Bernie Sanders

Bernie Sanders Didn't Drop Out, Now He Gets a Bigger Say in Democratic Platform

Ignoring calls to quit for the sake of "party unity," the democratic socialist gets to leave a bigger mark on the Democrats.


Can't stop, won't stop.
Marion Rush/

Supporters of Hillary Clinton have been beating the "party unity" drumbeat for literally months now, arguing that Sen. Bernie Sanders' (I-Vt.) ongoing campaign for the Democratic nomination for president is hurting Clinton's chances in the general election, presumably against Donald Trump. 

But Sanders has plenty of good reasons for not dropping out, including the FBI investigation into Clinton's use of a private email server while serving as secretary of state, the fact that Clinton has yet to clinch the nomination through pledged delegates alone, and Sanders' own promise to his devoted supporters that he would not concede until the final primary on June 14. As a long-time independent and essentially a Democrat-In-Name-Only (DINO), Sanders had nothing to gain and everything to lose by pulling the plug on his insurgent candidacy, especially since he continues to win primaries. 

Now it appears that Sanders' stubborness has paid off, as the Democratic National Committee is allowing him to appoint five people to the 15-person panel which will write the Democrats' 2016 platform. Clinton will appoint six people, and DNC Chair Rep. Debbie Wasserman Schultz (Fl.) will appoint four. 

Some of Sanders' choices seem designed to infuriate mainstream Democrats —including radical academic Cornel West, who has fallen out of favor with the party's rank-and-file over his withering criticism of President Obama, and pro-Palestinan activist James Zogby, who is also the president of the Arab-American Institute. It should be noted that at the American Israel Public Affairs Committee (AIPAC) conference this past March, Clinton gave a speech as forcefully pro-Israel as any of the Republican presidental hopefuls, while Sanders skipped the conference and instead delivered a speech from the campaign trail where he called for Palestinian "self-determination" and end to the Israeli occupation of the West Bank.

Sanders also chose climate change activist Bill McKibben, Minnesota Congressman Keith Ellison (one of only two Muslims in Congress and the head of the Congressional Progressive Caucus), and Native American activist Deborah Parker

Clinton surprised no one by choosing six loyalists, as reported by the Washington Post:

Wendy Sherman, a former top State Department official and Clinton surrogate; Neera Tanden, president of the Center for American Progress and a longtime Clinton confidante; Rep. Luis V. Gutiérrez of Illinois; Carol Browner, a former director of the White House Office of Energy and Climate Change Policy and former head of the Environmental Protection Agency; Ohio state Rep. Alicia Reece; and Paul Booth of the American Federation of State, County and Municipal Employees union.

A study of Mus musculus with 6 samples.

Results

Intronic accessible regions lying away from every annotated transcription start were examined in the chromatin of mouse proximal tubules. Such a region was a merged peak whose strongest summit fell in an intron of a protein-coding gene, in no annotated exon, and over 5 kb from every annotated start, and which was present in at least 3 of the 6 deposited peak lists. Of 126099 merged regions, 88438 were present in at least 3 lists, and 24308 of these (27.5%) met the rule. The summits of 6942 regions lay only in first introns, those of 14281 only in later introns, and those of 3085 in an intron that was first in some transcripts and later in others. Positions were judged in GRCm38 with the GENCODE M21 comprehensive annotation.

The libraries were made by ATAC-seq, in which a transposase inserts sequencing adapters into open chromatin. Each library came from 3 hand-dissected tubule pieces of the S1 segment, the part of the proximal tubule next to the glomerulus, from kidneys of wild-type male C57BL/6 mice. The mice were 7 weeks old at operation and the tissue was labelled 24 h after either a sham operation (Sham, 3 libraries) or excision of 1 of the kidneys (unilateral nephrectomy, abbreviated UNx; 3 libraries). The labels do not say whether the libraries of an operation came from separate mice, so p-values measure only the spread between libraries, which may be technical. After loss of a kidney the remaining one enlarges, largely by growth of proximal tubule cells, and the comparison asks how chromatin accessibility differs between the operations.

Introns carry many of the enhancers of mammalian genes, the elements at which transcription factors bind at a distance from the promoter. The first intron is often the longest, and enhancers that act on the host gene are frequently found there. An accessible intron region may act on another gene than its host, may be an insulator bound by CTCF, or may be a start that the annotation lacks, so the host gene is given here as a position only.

Wasserman Schultz named Clinton supporter Rep. Elijah E. Cummings (Md.) as the chairman of the committee, and also appointed former CEO of Claire's Stores Bonnie Schaefer, and former Rep. Howard Berman (Calif.).

In another move that shows the DNC is willing to extend an olive branch to principled progressives who have bucked the party line, Wasserman Schultz also appointed Rep. Barbara Lee (Calif.) who memorably cast the only vote in Congress against authorizing the war in Afghanistan in 2001. Lee had argued that the Authorization for the Use of Military Force (AUMF) was written too broadly and could be used to justify the legality of any number of military actions that had nothing to do with al-Qaeda's attack on 9/11/01. History has proven Lee correct, as that particular AUMF has been used by both President George W. Bush and President Obama to take unilateral military action in a number of countries which we are not at war with. 

Though the inclusion of five hand-picked voices to represent his campaign is a huge win for Sanders, he is showing no signs of being willing to play nice with Clinton or the party just yet. In an interview with the Associated Press he said he condemns violence but that the Democratic convention could get "messy." He added, "Democracy is not always nice and quiet and gentle. But that is where the Democratic Party should go."

Last night in California, Sanders accused the Clinton campaign of reneging on an agreement to stage one final debate in the Golden State, and also said in a statement, "I also would suggest that Secretary Clinton may want to be not quite so presumptuous about thinking that she is a certain winner. In the last several weeks, the people of Indiana, West Virginia and Oregon have suggested otherwise."